MANILA, Philippines—The Commission on Elections (Comelec) is shifting from the use of metal padlocks to cheaper plastic seals to secure ballot boxes.

It is also doing away with ink pads as voters will only need to affix their signatures, not their thumb marks, on the voting record.

That’s how it’s going to be in the May 13 elections with an Ilocano, known for being “kuripot” (a miser), at the helm of the election body.

Comelec Chair Sixto Brillantes Jr. told reporters on Friday the commission has decided to do away with metal padlocks and thumbmarking, primarily to save more than P15 million in expenses.

But another advantage in using plastic seals is that they can’t be easily replaced in case of a breach in the ballot boxes because they have serial numbers unlike the metal padlocks that the Comelec used in the past, Brillantes said.

“Too bad for them, the chairman is Ilocano,” he quipped, alluding to the penny-pinching ways of natives of that region.

He said that from his experience as an election lawyer, he had observed that the metal padlocks were merely “decorations” and didn’t really guarantee safety from cheaters and manipulators, apart from being more costly.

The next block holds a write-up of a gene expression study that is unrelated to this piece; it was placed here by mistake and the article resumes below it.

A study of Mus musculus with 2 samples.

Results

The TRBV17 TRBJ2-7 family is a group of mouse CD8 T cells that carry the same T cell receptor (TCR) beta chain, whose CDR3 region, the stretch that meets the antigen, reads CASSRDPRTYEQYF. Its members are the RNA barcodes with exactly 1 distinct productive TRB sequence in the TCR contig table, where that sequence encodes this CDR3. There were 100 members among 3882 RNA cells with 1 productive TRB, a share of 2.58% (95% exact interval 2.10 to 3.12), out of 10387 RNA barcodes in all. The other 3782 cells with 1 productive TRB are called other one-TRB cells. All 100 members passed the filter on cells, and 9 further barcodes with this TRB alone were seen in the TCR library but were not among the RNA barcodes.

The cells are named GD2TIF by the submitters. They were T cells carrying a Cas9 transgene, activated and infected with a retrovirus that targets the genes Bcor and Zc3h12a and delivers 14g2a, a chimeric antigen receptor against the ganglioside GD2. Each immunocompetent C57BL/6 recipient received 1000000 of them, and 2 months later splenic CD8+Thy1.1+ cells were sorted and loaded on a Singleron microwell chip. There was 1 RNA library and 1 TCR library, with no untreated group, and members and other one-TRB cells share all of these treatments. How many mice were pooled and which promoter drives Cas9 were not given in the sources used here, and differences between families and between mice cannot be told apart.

“When I was still practicing, we just flipped the padlocks with our fingers and they opened easily,” he told reporters.

According to Brillantes, it was difficult to detect if a ballot box has been tampered with because the padlocks that secured them did not bear serial numbers.

But with the plastic seal, the Comelec can prevent tampering or, if not, will at least be able to detect a breach in the ballot boxes.

MANILA, Philippines—The Commission on Elections (Comelec) is shifting from the use of metal padlocks to cheaper plastic seals to secure ballot boxes.

It is also doing away with ink pads as voters will only need to affix their signatures, not their thumb marks, on the voting record.

That’s how it’s going to be in the May 13 elections with an Ilocano, known for being “kuripot” (a miser), at the helm of the election body.

Comelec Chair Sixto Brillantes Jr. told reporters on Friday the commission has decided to do away with metal padlocks and thumbmarking, primarily to save more than P15 million in expenses.

But another advantage in using plastic seals is that they can’t be easily replaced in case of a breach in the ballot boxes because they have serial numbers unlike the metal padlocks that the Comelec used in the past, Brillantes said.

“Too bad for them, the chairman is Ilocano,” he quipped, alluding to the penny-pinching ways of natives of that region.

He said that from his experience as an election lawyer, he had observed that the metal padlocks were merely “decorations” and didn’t really guarantee safety from cheaters and manipulators, apart from being more costly.

“When I was still practicing, we just flipped the padlocks with our fingers and they opened easily,” he told reporters.

According to Brillantes, it was difficult to detect if a ballot box has been tampered with because the padlocks that secured them did not bear serial numbers.

But with the plastic seal, the Comelec can prevent tampering or, if not, will at least be able to detect a breach in the ballot boxes.